Senior District Judge Emma Arbuthnot said she was ‘going to need to know all I can about the family’.

A judge has threatened to jail a 17-year-old extremist unless she has proof his family are doing all they can to stop him reoffending.

The youth, from Ilford, has admitted creating flyers and CDs promoting jihad which were found in prayer rooms in two of London’s biggest hospitals.

Senior District Judge Emma Arbuthnot said: “This boy is nearly 18. This is a very serious offence. I’m going to need to know all I can about the family.

“If there’s no family stopping this from happening I’m going to lock him up, quite frankly.”

The defendant was tracked down when a carrier bag containing flyers titled “Go my Muslim brothers and fight for the mujahideen in Chechnya and become martyrs for the sake of Allah” was left on the Hammersmith and City line in April last year.

The owner of the bag was traced via CCTV and his travelcard to Royal London Hospital where a pile of CDs marked “Free. Take me” were found in a cupboard in the prayer and contemplation room.

The CDs were found to contain a series of lectures by banned hate preacher Anwar al-Awlaki.

Following an investigation to find the owner of the bag – a man aged in his 50s – a search was carried out at University College Hospital where further extremist material was found in the prayer room.

The link between the two men is unclear.

The youth was linked to the flyers and CDs using DNA evidence and his home was raided on October 11 last year.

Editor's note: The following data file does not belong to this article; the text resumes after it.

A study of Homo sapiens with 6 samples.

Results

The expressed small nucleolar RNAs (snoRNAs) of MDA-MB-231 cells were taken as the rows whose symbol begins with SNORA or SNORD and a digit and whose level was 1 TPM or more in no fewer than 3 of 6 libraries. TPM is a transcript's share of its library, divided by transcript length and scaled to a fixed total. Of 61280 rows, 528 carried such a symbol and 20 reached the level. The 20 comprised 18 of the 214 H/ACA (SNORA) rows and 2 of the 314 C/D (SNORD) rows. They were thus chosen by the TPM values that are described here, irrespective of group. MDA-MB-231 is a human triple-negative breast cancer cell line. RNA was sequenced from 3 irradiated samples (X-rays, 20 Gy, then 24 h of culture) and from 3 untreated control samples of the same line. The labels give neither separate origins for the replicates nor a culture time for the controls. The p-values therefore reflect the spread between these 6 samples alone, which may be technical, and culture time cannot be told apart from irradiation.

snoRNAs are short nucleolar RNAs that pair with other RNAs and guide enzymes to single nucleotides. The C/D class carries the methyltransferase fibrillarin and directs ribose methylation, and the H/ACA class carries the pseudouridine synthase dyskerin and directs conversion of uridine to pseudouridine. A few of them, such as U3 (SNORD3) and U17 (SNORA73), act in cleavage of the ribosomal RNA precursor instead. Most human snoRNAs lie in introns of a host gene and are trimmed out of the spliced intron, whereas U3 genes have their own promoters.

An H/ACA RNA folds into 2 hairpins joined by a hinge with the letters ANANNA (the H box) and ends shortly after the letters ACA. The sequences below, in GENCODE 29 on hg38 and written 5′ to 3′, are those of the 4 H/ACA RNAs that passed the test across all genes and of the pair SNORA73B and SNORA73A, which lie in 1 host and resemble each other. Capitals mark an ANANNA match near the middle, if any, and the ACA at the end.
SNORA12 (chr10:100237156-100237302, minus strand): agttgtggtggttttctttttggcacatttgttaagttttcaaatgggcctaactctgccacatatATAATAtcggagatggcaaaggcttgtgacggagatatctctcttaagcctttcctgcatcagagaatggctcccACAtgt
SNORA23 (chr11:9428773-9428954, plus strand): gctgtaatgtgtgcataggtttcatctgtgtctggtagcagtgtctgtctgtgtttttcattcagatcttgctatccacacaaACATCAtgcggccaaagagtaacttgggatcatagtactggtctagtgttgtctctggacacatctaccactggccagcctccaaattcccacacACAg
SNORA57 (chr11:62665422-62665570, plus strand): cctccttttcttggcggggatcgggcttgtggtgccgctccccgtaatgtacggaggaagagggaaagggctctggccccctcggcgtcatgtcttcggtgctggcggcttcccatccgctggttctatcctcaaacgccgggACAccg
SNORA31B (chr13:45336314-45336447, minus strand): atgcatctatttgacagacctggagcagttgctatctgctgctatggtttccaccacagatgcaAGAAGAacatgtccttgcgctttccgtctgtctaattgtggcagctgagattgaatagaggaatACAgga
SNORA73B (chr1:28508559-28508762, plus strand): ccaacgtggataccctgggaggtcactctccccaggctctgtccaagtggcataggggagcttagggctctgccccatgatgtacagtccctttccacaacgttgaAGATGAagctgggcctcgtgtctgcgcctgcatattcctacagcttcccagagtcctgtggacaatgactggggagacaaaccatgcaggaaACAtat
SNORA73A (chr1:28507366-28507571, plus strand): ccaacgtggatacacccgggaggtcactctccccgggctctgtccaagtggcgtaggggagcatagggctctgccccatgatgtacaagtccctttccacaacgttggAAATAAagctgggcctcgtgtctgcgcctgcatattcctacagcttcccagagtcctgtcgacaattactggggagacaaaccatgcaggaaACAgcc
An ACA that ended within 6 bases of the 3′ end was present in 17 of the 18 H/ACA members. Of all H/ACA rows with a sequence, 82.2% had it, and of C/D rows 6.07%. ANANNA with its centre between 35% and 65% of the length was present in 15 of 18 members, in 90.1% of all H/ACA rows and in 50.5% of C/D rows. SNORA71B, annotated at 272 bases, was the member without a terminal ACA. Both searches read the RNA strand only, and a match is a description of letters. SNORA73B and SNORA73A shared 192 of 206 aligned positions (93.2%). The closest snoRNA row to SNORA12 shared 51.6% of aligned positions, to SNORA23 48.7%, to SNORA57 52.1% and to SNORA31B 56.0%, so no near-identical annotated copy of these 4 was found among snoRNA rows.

Police seized a number of disks identical to those found at the hospitals, as well as the computer used to manufacture the flyers.

He appeared at Westminster Magistrates’ Court with his parents on Thursday where he pleaded guilty to two charges of encouraging and assisting the commission of a terrorist offence between December 2016 and October last year.

He further admitted one count of providing a service to assist an act of terrorism.

Adjourning sentencing until March 5, Judge Arbuthnot said to the defendant: “I need to work out what I’m going to do with your sentence.

“I have to make sure that if I don’t lock you up there’s a very robust package of measures in place. If you were over 18 I would lock you up, no problem.”

She praised his parents for attending court, saying: “It’s the most difficult thing for the parents because obviously they are very worried about the child and often this comes from nowhere.”

The youth was granted bail on condition he live and sleep at his home address, surrenders his passport and reports to his local police station three times a week.